Jamaica Tourism Minister Edmund Bartlett has revealed that steps are currently being taken to ‘reset’ the tourism sector to ensure that it benefits even more Jamaicans and fuels greater economic growth, whenever the sector rebounds from the impact of COVID-19. Mr. Bartlett adds that the Ministry of Tourism has embarked upon a series of consultations with key stakeholders, aimed at maximizing the opportunity to reorganize the local tourism industry.
“I think that this is a good moment for Jamaica to really reset tourism so that we become a more inclusive industry, and the flow-through effect on the economy that tourism has the capacity to provide, is then realized,” said Minister Bartlett.
Mr. Bartlett outlined that the tourism ministry is currently in dialogue with JAMPRO regarding the initiative, adding that he has also had discussions with his colleague, Minister without portfolio in the Ministry of Economic Growth and Job Creation, Senator Aubyn Hill. Minister Bartlett noted that the discussions are intended “to look at how we start that whole arrangement, first of all to have an analysis of the supply side and then the demand side.”
In resetting the tourism industry, Minister Bartlett said after making a determination on what is required to satisfy demand and supply, “the next move will be to the financial and technical markets and we acquire that technology, and we bring that to bear, to enable us to create that capability.”
He said the downturn created by the COVID-19 pandemic had provided the opportunity to give the global tourism industry a new start and to take it to a higher level than where it was, having peaked at a 60 percent occupancy rate for some countries but not Jamaica.
“This is the opportunity for us to do that. I want to continue this debate and in fact I am going to have a paper done on this reset of the tourism industry and we begin to talk with our partners so that there’s an understanding of what needs to be done in the next six months or so, as we try to reposition tourism as a true driver of the economy and as a means by which a far greater number of our Jamaican people will realize their true potential,” said Minister Bartlett.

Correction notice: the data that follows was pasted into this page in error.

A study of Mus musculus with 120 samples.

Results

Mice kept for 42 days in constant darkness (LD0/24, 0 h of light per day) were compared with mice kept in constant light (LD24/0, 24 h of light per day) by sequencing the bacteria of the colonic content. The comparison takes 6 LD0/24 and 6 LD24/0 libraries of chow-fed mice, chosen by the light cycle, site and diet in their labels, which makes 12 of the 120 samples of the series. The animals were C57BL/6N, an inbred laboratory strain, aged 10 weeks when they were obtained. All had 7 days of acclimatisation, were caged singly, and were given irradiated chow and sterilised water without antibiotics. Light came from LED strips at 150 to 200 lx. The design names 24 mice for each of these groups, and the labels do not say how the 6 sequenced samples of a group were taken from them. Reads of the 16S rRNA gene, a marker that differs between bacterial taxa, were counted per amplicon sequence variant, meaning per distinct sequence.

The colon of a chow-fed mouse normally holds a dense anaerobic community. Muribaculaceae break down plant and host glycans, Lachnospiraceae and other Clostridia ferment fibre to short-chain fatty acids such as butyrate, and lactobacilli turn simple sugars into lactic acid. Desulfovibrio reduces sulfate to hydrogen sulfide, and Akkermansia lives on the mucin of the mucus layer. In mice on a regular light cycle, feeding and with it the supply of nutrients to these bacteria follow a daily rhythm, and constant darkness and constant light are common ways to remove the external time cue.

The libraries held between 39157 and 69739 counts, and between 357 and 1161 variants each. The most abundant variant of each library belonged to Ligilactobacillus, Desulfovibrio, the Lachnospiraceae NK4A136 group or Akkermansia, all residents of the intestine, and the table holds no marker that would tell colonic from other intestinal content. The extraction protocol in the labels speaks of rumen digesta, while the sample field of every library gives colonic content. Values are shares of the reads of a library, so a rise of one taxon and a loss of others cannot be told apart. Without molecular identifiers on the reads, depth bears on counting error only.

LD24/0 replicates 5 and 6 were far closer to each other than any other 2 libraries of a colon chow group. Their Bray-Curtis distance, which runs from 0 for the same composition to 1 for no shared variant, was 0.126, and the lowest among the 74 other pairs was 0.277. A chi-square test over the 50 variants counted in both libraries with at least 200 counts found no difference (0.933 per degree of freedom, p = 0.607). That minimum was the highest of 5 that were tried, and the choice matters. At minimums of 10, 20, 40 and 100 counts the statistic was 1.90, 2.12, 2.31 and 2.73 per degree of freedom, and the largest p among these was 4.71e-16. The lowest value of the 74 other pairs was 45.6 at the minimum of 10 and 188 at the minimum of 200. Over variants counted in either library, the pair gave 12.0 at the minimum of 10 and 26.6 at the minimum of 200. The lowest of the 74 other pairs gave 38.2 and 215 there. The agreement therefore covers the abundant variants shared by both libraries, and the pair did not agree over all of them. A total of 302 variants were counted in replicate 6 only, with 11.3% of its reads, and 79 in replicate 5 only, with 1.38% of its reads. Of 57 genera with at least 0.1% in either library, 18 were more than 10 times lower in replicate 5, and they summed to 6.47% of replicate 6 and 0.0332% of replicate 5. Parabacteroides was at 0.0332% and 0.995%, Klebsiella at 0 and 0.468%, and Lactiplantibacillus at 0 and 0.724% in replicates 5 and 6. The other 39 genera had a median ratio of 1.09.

Mr. Bartlett’s disclosure of the latest tourism initiative was made following an extensive tour of the 350-year-old Worthy Park Estate, which has developed a tour that adds to Destination Jamaica’s product offering and has been appealing to both locals and visitors.
Commenting on the Worthy Park Rum Tour, Mr. Bartlett described it as “a first class tour.” It covers all aspects of the process that goes into producing some of Jamaica’s finest rums for the local and export markets, from the sprawling cane fields spanning 10,000 acres, through distillery and aging.
Minister Bartlett said tours like these were a big part of the tourism product “because people come to fulfil their passions and they have passion points relating to all sorts of activities in life, and certainly rums and spirits have been a huge part of the consumption pattern of visitors for many centuries.” He stated that the three most consumed liquids worldwide were water, coffee and rum, in that order.
With rum accounting for 65 percent of alcoholic based liquids consumed: “A rum tour with a Jamaican rum experience provides an opportunity for us to tap into that part of the market that is excited by rum consumption,” said Minister Bartlett.
It was outlined that the rum tour had a soft opening prior to the onset of the pandemic and welcomed some 1,000 tourists, and since reopening in May has been seeing mostly locals. Mr. Bartlett, accompanied by Director of the Tourism Linkages Network, Mrs. Carolyn McDonald-Riley, was escorted on the tour by Managing Director and CEO of Worthy Park, Gordon Clarke and members of his team.